ANAHEIM -- Dallas Keuchel wanted to finish what he'd started and nurtured through 26 outs on Monday night, and manager Bo Porter wanted to give his 26-year-old left-hander every opportunity -- within reason.
But the Angels' Mike Trout and Albert Pujols had other ideas, getting two-out hits in the ninth inning, so Porter had to take Keuchel out after he'd thrown a career-high 128 pitches. Reliever Josh Zeid gave up a two-run triple to Howie Kendrick, ruining Keuchel's chances at a second consecutive shutout, before getting the last out in the Astros' 5-2 victory, their seventh in their past eight visits to Angel Stadium.
"Obviously, Dallas threw the ball tremendous," Porter said after Keuchel improved to 5-2 and lowered his ERA to 2.92. "We gave him every opportunity to get a complete-game shutout. It just didn't happen. But that shouldn't diminish what he accomplished tonight."
Keuchel had allowed only three hits and was an out away from duplicating his feat of May 13, when he shut out Texas, when Trout, busting it hard up the line, beat out an infield hit on a close play at first. Porter went out to talk with first-base umpire Phil Cuzzi while mulling a replay challenge, decided against it, and then went to the mound to see Keuchel.
"He had an extra day between starts, so we felt we could take him to 120 pitches," Porter said. "It was a bang-bang play at first. Give credit to Mike Trout, that's why he's the great player that he is."
Porter told his starter he had one more hitter, and that hitter, Pujols, singled to Keuchel's night.
"I think anybody would want to finish that game," Keuchel said, "but in the end we came out with more runs and the win."
Keuchel struck out nine, walked one and got 16 ground-ball outs.
The Angels were impressed.
"I think the biggest thing for him tonight was really that sinker was very good," Angels catcher Chris Iannetta said. "He was throwing it for strikes, he was also throwing it below the zone for ... I don't want to say a chase, but he was getting a lot of swings and misses on it.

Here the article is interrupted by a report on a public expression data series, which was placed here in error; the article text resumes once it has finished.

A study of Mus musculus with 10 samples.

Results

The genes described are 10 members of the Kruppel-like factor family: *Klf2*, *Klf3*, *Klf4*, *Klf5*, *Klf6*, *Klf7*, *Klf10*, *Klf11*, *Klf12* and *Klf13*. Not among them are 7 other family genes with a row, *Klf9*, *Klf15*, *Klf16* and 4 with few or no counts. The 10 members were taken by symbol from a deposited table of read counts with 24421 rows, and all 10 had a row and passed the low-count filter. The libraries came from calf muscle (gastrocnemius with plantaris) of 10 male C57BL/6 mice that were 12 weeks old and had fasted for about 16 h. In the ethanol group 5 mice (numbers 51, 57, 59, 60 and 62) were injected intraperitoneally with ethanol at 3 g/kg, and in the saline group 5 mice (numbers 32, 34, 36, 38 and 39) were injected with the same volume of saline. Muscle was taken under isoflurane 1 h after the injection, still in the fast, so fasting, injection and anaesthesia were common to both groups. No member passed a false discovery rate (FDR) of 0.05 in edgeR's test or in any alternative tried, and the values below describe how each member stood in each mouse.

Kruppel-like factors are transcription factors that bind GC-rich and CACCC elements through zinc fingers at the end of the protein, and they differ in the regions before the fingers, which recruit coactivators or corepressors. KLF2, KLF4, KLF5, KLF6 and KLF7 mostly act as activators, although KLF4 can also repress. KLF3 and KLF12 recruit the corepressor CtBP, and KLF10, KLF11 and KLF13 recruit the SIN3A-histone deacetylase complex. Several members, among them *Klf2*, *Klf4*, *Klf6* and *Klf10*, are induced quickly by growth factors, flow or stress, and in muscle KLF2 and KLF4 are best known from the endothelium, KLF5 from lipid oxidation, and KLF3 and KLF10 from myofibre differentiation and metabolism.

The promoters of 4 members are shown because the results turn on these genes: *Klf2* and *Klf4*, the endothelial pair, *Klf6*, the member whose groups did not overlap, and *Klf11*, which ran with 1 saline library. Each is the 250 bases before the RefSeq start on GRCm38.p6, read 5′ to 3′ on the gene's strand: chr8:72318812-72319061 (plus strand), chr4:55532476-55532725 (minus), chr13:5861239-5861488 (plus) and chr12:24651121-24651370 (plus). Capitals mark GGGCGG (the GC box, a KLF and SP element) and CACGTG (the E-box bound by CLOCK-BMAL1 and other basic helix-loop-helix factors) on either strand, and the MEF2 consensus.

"And he always has that changeup in his back pocket. He was working really quick, especially out of the stretch. He was very quick to the plate, and he was keeping guys off balance, too. He pitched a great game."
The Astros helped Keuchel with three first-inning runs against another hot starter, Garrett Richards (4-1). Jason Castro, Jose Altuve and Matt Dominguez had two hits apiece. The Astros had 10, all off Richards, running their streak of at least nine hits to nine consecutive games.
The five-run lead the Astros built through three innings was more than enough for Keuchel, even against an Angels lineup that's scored the fourth-most runs in the American League.
"That's a very powerful lineup," Keuchel said. "I was lucky to get into the ninth inning. I was careful, but at the same time, my game is to go out and attack the zone."
Porter credited Castro's pitch-calling as well as the Astros' defensive play, which he deemed their best of the year. Second baseman Altuve had a pair of sparklers to deny hits.
"We've been playing pretty good lately," Porter said of his team, which won its third in a row for the first time this season and has won consecutive series against the Rangers and White Sox. "Our offense is starting to understand what it takes, and our starting pitching has been tremendous."
Asked why he's pitching better this season than last, when he went 6-10 with a 5.15 ERA, Keuchel said he doesn't think that's the case.
"I feel like I was just as good last year, but balls are being hit to guys more," he said. "I had the two-seamer and slider working last year, it's just part of us growing and getting better as a team."
Earl Bloom is a contributor to MLB.com. This story was not subject to the approval of Major League Baseball or its clubs.